I've been working on an idea for a stateless password manager, inspired by this blog post. I'm using a in-browser pseudo-random number generator (seedrandom.js) seeded with a user's master password to create a unique (?) 26x26 tabula recta of characters. The user then chooses a starting point for each website and follows a chosen pattern across the grid to create/access their passwords.
Seedrandom.js uses the RC4 (RC4-drop) stream cipher, which I don't think is considered secure for encrypting information anymore. Q1: Does this matter if I'm only using it as the source of randomness for a 26x26 grid of characters that won't ever pass over a network (everything is generated client side in the browser)?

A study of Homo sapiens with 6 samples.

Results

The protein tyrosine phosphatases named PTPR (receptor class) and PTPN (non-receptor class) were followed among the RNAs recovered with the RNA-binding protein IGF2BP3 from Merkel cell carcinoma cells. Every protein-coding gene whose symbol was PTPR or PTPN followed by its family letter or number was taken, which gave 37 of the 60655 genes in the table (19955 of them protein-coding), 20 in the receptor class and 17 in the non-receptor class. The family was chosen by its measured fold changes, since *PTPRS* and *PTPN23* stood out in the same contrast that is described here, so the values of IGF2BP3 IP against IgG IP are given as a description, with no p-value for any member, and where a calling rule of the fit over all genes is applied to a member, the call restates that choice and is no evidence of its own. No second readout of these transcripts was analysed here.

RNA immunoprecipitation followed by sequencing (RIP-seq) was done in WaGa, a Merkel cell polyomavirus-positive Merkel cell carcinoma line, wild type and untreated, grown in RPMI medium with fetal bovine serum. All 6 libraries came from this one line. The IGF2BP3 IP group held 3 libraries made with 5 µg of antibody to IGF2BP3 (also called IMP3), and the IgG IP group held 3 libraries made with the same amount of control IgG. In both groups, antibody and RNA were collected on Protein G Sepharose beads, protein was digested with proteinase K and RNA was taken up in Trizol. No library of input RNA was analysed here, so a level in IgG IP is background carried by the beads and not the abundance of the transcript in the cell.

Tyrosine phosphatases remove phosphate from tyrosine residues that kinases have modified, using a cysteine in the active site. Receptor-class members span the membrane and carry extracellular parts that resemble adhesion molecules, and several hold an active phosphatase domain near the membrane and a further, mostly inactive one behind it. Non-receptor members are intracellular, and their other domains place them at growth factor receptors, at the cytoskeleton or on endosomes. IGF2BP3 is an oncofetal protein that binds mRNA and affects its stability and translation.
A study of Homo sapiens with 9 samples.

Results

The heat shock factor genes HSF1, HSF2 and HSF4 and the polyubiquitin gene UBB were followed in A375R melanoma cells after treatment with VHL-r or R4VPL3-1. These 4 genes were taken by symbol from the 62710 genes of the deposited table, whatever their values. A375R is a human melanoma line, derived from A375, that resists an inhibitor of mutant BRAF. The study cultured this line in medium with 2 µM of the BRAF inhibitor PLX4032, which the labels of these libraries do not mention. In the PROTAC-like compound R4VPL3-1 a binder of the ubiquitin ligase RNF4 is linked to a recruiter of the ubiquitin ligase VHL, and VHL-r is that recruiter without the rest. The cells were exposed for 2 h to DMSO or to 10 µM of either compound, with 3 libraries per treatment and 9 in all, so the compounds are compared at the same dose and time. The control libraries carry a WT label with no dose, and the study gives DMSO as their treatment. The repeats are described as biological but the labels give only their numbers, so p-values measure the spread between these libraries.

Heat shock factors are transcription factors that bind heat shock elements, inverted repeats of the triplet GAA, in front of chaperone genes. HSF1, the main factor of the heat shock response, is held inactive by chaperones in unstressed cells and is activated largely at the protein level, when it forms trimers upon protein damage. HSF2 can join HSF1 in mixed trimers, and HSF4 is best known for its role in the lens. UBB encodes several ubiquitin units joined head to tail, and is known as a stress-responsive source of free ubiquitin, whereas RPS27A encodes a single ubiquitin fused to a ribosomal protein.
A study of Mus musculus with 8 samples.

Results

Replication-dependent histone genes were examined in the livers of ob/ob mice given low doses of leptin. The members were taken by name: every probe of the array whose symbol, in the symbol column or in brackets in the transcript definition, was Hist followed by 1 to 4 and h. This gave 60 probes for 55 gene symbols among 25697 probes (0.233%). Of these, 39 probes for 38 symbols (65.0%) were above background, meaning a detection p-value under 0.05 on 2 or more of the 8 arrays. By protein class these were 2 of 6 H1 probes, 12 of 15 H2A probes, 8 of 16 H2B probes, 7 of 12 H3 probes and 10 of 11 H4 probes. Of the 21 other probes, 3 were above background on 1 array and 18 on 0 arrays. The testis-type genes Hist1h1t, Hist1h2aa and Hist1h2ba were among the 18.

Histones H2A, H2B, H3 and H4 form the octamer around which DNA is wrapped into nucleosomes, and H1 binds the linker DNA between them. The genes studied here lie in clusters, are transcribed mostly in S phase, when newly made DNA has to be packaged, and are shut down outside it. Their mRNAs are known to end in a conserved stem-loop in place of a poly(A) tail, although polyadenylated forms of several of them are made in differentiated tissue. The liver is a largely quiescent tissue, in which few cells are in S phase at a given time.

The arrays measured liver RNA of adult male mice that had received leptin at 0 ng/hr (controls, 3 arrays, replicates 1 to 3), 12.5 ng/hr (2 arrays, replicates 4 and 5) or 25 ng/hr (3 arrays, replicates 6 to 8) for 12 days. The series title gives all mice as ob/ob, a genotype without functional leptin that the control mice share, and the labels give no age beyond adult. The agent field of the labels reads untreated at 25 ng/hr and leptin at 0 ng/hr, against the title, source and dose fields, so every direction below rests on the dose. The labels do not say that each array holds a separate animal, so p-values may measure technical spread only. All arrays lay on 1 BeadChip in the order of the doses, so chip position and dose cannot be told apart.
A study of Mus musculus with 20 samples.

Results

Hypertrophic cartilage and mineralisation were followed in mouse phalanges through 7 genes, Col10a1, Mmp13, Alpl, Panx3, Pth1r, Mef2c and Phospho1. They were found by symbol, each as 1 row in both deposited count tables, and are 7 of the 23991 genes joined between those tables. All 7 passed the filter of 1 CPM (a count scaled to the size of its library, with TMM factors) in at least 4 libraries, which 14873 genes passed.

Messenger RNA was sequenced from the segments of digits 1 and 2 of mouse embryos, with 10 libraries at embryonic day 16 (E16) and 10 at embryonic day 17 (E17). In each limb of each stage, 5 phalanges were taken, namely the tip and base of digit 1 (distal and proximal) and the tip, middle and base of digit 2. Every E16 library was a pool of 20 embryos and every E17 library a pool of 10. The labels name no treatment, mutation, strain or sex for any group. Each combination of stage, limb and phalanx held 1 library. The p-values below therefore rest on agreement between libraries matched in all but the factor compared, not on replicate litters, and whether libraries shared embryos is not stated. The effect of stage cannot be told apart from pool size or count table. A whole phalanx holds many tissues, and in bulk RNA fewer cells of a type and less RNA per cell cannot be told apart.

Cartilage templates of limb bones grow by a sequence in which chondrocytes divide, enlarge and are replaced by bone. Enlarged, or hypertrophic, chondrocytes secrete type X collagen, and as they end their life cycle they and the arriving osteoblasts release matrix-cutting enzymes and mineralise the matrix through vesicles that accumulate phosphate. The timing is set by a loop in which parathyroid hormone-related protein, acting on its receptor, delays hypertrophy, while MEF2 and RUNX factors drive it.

Q2: Also, what's your analysis of the strength of this system against an attack, both before and after the master password for a user's grid has been exposed? This previous question talks about possible attacks on a tabula recta, but answers focus mainly on keeping the physical token safe, which doesn't apply here.
These are my back of the envelope calculations:
Before master password is known, guessing a 16 character password:
log_2(88^16) = ~103 bits of entropy, which will take a very long time to crack in any context.
After master password is known, brute forcing a password from the grid:
(26*26 cells) * (20 common patterns) * (8 pattern directions, including diagonals) * (20 potential password lengths, 10-30chars) = ~2 million options
So on average this would take about
2 million/2 = 1 million guesses to crack. Depending on the context, this would be cracked in anywhere from ~400 days (rate limited web form, 100 guesses/hr) to << 1 second (database leak, fast hashing algorithm, 1e10 guesses/second).
There's a basic demo of this project here.